The Summer 2015 Student Historians have been on a touring frenzy over the past couple of weeks. We’ve been on tours, talked about tours, and given tours. We toured the New-York Historical Society, the American Museum of Natural History, and even traversed the busy streets of Lower Manhattan. We practiced our own tours highlighting the N-YHS’s art and artifacts, and finally delivered all our hard work to visiting teens! Here are some highlights:
The Student Historians crossed West 77th Street and visited the American Museum of Natural History (AMNH). We learned about Jurassic Park’s accuracies and inaccuracies, the natural adaptations of marine life, and the difference between meteorites and meteors. Our tour guides were college students in the AMNH’s Museum Education and Employment Program (MEEP), and one of them was even a former Student Historian at the N-YHS! Our fantastic guides answered all our questions about the sciences and tour-giving.
Licensed NYC tour guide, high school teacher, and history buff, Mr. Roper, guided the Student Historians through the busy streets of Lower Manhattan. Starting in Bowling Green and ending in Chinatown, we touched New York City’s oldest fence (installed in 1771), visited the location of America’s first synagogue (it’s now a parking lot), considered Alexander Hamilton and his role in American history at his gravestone in the Trinity Church cemetery, payed our respects to the African Burial Ground, and learned more about many other historical landmarks. Mr. Roper wanted to prove New York City was more historically significance than its rival: Boston. His boundless energy, humor, and passion did just that.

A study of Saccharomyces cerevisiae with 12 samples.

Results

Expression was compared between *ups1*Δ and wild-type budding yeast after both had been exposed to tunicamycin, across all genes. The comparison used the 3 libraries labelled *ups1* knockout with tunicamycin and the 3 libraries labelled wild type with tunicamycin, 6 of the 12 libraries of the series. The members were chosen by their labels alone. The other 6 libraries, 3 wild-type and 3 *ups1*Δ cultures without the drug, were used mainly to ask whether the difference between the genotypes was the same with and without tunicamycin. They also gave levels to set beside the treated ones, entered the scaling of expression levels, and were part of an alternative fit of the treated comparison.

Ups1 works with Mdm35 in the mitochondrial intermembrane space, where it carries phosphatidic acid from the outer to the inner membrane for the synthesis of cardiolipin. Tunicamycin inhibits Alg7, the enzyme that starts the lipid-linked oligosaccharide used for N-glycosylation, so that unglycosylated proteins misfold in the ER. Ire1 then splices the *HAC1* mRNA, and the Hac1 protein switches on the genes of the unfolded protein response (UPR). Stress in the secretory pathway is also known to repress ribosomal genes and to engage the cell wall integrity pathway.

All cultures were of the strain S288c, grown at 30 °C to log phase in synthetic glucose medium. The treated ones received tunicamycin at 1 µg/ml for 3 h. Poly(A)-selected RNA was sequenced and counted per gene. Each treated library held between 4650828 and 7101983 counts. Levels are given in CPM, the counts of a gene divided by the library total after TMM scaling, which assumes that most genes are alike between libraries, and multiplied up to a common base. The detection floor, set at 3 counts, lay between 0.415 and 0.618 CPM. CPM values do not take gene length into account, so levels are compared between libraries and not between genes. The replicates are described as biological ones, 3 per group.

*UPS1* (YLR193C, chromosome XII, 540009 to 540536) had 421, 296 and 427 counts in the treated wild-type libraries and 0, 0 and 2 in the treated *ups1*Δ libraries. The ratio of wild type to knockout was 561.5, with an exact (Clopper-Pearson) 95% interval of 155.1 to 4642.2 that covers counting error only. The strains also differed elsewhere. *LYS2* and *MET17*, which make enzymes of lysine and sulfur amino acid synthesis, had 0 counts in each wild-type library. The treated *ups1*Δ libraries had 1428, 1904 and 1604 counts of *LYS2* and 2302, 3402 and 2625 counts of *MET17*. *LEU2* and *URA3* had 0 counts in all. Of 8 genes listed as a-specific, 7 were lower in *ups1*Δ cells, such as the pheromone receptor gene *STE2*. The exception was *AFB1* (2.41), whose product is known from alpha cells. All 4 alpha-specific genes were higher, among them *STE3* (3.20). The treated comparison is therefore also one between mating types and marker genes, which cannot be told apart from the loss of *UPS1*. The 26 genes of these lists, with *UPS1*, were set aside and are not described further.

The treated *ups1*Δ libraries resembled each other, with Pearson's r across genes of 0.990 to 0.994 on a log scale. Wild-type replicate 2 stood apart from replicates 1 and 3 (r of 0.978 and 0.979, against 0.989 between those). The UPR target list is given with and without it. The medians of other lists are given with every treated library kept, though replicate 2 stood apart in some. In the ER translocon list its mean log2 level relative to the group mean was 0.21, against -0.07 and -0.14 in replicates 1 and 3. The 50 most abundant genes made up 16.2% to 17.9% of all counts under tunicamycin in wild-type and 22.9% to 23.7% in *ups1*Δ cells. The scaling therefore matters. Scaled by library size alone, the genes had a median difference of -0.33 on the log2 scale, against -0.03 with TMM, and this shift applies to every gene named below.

We all know that practice makes perfect. In order to give the best possible tours to visiting teens, the Student Historians worked with staff in the N-YHS’s education department. We learned from Allyson Schettino, Manager of School Programs, about how to guide visitors through a conversation about historical artifacts. Student Historians observed the object, supporting their ideas with evidence. “I know it’s a hairbrush because it has a handle and bristles!” Through our discussion, we learned about a Civil War-era toiletry box and its prominent owner. Later, we worked with Daniel De Santis, Manager of Visual Arts Programs, to interpret paintings at the N-YHS. The Student Historians made observations, including “It’s a cubist painting!” “The trees look like gems!” “It’s an urban setting!” We ultimately learned about artist Abraham Manievich and his intent to paint the Bronx from an immigrant’s perspective. These experiences provided the Student Historians with a framework to deliver their inquiry-based tours.
And at long last, the Student Historians finally had a chance to present all their hard work! Teens from the Opportunity Network Fellows program visited the N-YHS, eager to learn more about the Museum and what we’ve been up to. Student Historians led teens from the Opportunity Network through the DiMenna Children’s Museum, New York and the American Experience, The Hirschfeld Century, Freedom Journey 1965, and Art as Activism. Student Historians asked open-ended questions, prompted dialogue, and helped our visiting teens interpret New York City’s social and political activist history. We’re excited to give more tours to visiting teen groups in the coming weeks!